Miami-Dade School Board gets an earful from the public about book restrictions

Miami Herald | By Sommer Brugal | June 22, 2023

Parents, community members and young people flooded the Miami-Dade School Board meeting on Wednesday to express concerns about the ease of objecting to books, the dangers of restricting access to certain titles and the need to change how the district handles book challenges — despite the board already having passed a measure to review its policy.

The policy — proposed by Steve Gallon III — calls for board members and district staff to be notified when a book challenge results in the reassignment or removal of a title. Existing policy did not request that objections or decisions be known and only required a school-level review committee to determine whether a book should remain on shelves.

The calls to review and possibly update existing policy passed unanimously and without discussion from board members early in the afternoon. Nevertheless, community members — many who were a product of the school district — showed up later in the day to speak out against what they perceive to be a growing trend of trying to restrict what can and can’t be taught or read in the state.

Groups like Families Against Banning Books, the Miami-Dade and South-Dade NAACP branches and the Transformative Justice Coalition organized most of the attendees.


Most speakers expressed frustration about the recent decision by a review committee at Bob Graham Education Center, a K-8 in Miami Lakes, to restrict three books and an inaugural poem to middle school students. They argued one parent alone should not have the power to influence what is or isn’t available in the library. (The district has maintained no books were banned, just moved to a different part of the library center. Reading advocates say it’s still a restriction to younger students.)

Some speakers pointed to efforts to remove books across the state and the dangers of restricting books and limiting access to certain ideas and perspectives from young people. Many criticized the new laws targeting classroom instruction that seek to restrict or ban discussions of race or LGBTQ issues.

Others evoked their Cuban heritage and highlighted what they believe to be the similarities of book restrictions on the island and how they’re appearing in Florida.

“Democracy is difficult. It’s messy. That’s why dictators like to ban artists. That’s why they like to ban art, because it is complicated and it makes us feel for other human beings,” said Carmen Pelaez, an acclaimed Cuban-American playwright in South Florida. “As far as I know, there are two people that have tried to ban the story of Celia Cruz: Fidel Castro and Ron DeSantis.”

(According to a report by PEN America, an anti-censorship and writers group, “Celia Cruz, Queen of Salsa,” by Veronica Chambers and Julie Maren, was among the more than 170 titles banned from Duval County schools.)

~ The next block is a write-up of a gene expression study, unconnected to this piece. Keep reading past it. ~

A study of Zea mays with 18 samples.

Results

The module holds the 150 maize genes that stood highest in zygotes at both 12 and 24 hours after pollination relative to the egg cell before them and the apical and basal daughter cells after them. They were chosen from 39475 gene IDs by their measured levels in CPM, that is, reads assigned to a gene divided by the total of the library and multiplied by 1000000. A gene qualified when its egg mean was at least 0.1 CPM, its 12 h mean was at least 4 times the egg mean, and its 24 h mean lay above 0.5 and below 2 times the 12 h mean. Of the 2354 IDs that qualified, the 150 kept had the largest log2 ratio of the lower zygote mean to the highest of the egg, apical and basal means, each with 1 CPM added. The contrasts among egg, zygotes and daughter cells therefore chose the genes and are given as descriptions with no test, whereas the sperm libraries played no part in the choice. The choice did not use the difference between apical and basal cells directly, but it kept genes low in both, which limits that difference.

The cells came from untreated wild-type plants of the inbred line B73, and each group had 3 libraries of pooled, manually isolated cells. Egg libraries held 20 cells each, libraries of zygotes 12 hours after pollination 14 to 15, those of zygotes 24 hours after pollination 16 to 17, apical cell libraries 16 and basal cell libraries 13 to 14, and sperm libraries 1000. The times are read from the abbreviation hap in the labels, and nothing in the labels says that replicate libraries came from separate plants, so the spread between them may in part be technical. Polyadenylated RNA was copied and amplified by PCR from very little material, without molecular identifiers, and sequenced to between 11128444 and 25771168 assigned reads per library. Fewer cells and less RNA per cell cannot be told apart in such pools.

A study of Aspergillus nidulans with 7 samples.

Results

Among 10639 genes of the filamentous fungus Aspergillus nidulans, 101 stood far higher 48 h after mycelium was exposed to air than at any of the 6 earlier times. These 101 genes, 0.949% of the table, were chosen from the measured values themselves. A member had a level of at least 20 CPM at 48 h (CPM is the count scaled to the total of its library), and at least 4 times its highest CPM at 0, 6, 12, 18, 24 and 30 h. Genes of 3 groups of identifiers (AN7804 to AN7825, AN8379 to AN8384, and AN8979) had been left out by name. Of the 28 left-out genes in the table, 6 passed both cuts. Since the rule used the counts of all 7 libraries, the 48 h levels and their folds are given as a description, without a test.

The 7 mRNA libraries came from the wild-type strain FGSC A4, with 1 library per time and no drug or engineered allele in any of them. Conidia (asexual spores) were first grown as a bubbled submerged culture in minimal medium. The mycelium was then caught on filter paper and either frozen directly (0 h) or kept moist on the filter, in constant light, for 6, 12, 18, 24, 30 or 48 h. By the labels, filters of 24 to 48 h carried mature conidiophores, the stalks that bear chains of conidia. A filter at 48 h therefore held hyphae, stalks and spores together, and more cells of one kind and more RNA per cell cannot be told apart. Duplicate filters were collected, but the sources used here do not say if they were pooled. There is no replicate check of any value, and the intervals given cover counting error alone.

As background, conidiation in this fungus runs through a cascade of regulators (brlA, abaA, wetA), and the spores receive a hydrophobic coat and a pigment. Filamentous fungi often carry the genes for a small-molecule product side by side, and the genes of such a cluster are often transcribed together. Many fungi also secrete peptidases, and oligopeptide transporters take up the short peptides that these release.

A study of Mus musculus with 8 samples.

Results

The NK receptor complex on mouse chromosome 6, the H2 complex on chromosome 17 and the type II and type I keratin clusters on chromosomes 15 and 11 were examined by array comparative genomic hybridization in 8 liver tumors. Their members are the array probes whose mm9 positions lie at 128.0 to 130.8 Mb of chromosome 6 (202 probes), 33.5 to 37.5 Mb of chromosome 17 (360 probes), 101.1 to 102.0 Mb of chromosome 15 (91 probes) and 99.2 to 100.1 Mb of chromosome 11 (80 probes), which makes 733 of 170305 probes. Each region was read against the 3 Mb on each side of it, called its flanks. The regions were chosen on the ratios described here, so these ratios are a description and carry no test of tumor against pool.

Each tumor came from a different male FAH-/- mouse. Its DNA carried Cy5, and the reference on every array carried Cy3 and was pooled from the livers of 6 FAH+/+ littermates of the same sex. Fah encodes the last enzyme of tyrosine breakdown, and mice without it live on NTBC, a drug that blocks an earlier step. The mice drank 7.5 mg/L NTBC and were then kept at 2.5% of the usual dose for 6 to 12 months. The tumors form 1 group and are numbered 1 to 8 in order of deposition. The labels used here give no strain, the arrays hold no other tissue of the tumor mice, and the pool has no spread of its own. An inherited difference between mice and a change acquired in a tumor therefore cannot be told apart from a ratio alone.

Pelaez also reinforced a message many others spoke about: Children need to see themselves represented in the stories they read. Removing the titles, speakers argued, is a disservice to the district’s youth.


Last month, the Herald reported that a public school in Miami-Dade County issued restrictions on three books and one poem — Amanda Gorman’s “The Hill We Climb,” which she recited at President Joe Biden’s inauguration — for elementary-aged students after one parent claimed they included topics that were inappropriate for students and should be removed “from the total environment.”

The other titles were “The ABCs of Black History,” “Cuban Kids” and “Love to Langston.”

News of the decision — made by a school materials review committee — spread quickly, and the district and school board received national pushback for the decision. Many board members later said they were upset to have found out about the issue through the media.

“I was somewhat miffed to learn about an issue through the media that created a public firestorm and a national embarrassment and debacle,” Gallon said at the school board committee meeting earlier this month.

Gallon said he proposed the policy change to improve transparency around certain decisions regarding books and classroom materials.

Among the updates, the policy will also require the district to provide “related training” to staff who address title challenges, such as a rubric or guideline when determining if a title is appropriate. Those policy provisions, Gallon argued, were not implemented properly, and he referenced the “woefully deficient” form and the confusion surrounding what is considered appropriate.

District staff is expected to provide an update on the possible changes to current policy by the board’s regular monthly meeting in August.